Under normal circumstances, Capitals general manager Brian MacLellan would have met with reporters in early April at the team’s headquarters in Arlington. He would have evaluated the regular-season while offering a sneak peek into the Stanley Cup Playoffs and all the fantastic possibilities they could bring.
Of course, very little is normal these days.
With the NHL season on pause since March 12 due to COVID-19, MacLellan spoke to reporters Monday via conference call. He did so from his offseason home in Minneapolis, where he is spending more time with family, including his two daughters and grandchildren.
“It’s been different,” MacLellan said. “It’s amazing how your life just comes to a halt and all the things you do day-to-day don’t matter anymore and all of a sudden there’s a big picture, there’s a reality going on and all the little things you’re concerned about on a daily basis don’t really matter much. All of a sudden, you have time and you’re doing stuff around the house, you’re touching base with family more, you’re doing more family things. It’s a change in lifestyle and it’s a change, probably, in priorities.”
While MacLellan is taking advantage of the increased time with family, he continues to keep close tabs on his work family.
On the health front, MacLellan said the Capitals haven’t had any players showing symptoms of the coronavirus or experiencing any sickness.
Head athletic trainer Jason Serbus has remained in constant contact with team personnel and provides updates to MacLellan at least once every other day.
Outside of the health of his players and their whereabouts — 14 players have remained in the region, nine have gone elsewhere, primarily for family reasons — there was little MacLellan could offer definitively during his 20-minute call.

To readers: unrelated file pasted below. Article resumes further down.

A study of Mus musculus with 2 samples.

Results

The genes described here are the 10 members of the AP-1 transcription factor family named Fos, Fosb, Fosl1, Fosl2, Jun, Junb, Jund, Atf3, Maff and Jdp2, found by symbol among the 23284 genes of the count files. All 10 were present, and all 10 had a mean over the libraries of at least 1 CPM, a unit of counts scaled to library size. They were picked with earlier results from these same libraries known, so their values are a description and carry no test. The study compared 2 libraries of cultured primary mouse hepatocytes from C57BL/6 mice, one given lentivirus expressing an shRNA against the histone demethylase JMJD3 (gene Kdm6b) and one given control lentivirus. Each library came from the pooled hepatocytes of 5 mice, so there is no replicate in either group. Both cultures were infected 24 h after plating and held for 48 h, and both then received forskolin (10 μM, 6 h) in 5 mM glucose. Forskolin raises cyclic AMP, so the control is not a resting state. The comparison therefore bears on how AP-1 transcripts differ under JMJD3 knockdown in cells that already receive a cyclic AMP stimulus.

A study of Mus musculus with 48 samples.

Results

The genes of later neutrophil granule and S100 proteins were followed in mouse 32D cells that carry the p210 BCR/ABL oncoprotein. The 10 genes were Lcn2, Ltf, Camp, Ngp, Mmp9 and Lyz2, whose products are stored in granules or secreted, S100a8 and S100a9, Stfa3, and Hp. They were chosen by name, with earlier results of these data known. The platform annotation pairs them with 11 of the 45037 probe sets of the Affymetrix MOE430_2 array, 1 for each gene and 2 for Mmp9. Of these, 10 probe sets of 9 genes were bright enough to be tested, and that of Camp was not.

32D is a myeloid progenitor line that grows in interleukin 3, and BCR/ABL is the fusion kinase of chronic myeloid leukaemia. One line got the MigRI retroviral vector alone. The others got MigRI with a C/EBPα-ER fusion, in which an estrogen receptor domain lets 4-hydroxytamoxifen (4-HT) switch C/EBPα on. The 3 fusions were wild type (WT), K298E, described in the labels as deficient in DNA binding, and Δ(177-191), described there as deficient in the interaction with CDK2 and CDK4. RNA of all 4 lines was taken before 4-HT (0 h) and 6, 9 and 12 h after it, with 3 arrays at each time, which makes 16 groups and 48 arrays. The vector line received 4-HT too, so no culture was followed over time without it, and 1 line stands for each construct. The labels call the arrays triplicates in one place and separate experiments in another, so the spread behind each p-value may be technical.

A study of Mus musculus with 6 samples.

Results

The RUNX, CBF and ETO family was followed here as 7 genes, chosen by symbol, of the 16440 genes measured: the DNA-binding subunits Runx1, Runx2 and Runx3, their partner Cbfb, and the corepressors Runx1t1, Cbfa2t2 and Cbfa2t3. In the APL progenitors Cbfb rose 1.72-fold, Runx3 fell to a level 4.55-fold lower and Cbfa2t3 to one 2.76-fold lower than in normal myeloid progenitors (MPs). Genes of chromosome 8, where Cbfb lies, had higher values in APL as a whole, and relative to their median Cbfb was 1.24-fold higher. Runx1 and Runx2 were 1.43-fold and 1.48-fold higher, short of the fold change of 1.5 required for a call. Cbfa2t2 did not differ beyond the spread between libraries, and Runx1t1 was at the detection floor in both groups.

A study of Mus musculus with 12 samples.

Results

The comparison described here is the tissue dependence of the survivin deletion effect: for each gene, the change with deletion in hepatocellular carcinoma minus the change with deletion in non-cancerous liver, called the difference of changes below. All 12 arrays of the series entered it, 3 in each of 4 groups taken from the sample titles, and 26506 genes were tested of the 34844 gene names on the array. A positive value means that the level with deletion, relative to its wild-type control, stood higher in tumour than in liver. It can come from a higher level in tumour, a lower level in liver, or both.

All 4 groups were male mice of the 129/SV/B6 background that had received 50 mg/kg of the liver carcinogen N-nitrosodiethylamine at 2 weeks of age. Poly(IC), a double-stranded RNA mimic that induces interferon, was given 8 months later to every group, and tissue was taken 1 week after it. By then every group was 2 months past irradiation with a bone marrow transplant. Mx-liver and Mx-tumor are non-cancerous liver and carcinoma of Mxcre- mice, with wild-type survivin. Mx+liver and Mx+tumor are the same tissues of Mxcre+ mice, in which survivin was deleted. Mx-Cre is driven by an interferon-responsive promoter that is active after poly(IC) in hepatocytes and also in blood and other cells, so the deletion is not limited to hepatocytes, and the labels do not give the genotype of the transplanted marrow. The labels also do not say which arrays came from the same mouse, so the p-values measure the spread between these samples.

So much remains fluid for the NHL from when play may resume to what it could look like when it does.
“We’re trying to be prepared for anything that might come down the hopper on if we get a chance to continue to play,” MacLellan said. “Whether it’s in June, July or August, we try to be as best prepared as we can for that.”
One of the issues the NHL will face if it returns the summer is how the rest of the 2019-20 season would be played out. Most teams have about 12 or 13 regular-season games remaining.
While it’s hard to imagine the NHL completing the regular-season itinerary and getting in a full postseason, MacLellan said some regular-season play would be his preference.
“I think ideally if time permitted, you would like a few games, but I would also be OK with jumping in the playoffs,” he said. “I think for the benefit of the quality of play and the players’ health, ideally you’re playing a few games before you enter the playoffs.
MacLellan also said a few regular-season games might be needed for the sake of integrity.
“Fair to me would be all teams play the same number of games, both home and away, so depending on the time you have when we come back, or if we come back, you could set the schedule at 72, 74 games.”
That scenario, involving some teams well out of playoff contention having to come back for just a handful of games in the middle of the summer seems unlikely.
But that’s the challenge here.
So much is uncertain around the globe, let alone within the NHL bubble, that it’s hard to predict which scenarios are most appropriate as the NHL looks to crown a champion without compromising the integrity of the competition.
“There’s no set answer to it because I don’t know how much time we’re going to have,” MacLellan said.
“Do we have eight weeks? Do we have ten weeks? Do we have more than 10 weeks? Depending on that time frame, and if that’s even legitimate at the time, you would have to set your schedule there. So could you shorten a [playoff] series? Could you shorten the end of the schedule? I think all those options are on the table and I think it’s just how the virus plays out and how we handle it and how much time we would have to get a season in if we could get a season in at the end.”
Even if play does return this summer, expectations may need to be tempered. While some players have the luxury of a private home gym, training and conditioning is a challenge for most as public gyms, ice rinks and team facilities remain closed.
Capitals players have been receiving weekly video programs from strength and conditioning coach Mark Nemish, but MacLellan added that with players not necessarily having access to the same exercise equipment at their homes, the process is tough and it will likely affect the quality of play if the NHL returns in the coming months.
“It’s going to be a challenge,” he said. “We’re going to end up being at least two months off, and to come in at various levels of conditioning — some of it out of the players’ hands — it’s going to be a hard thing to accomplish, to get players into game shape and send them into a playoff type situation almost immediately.”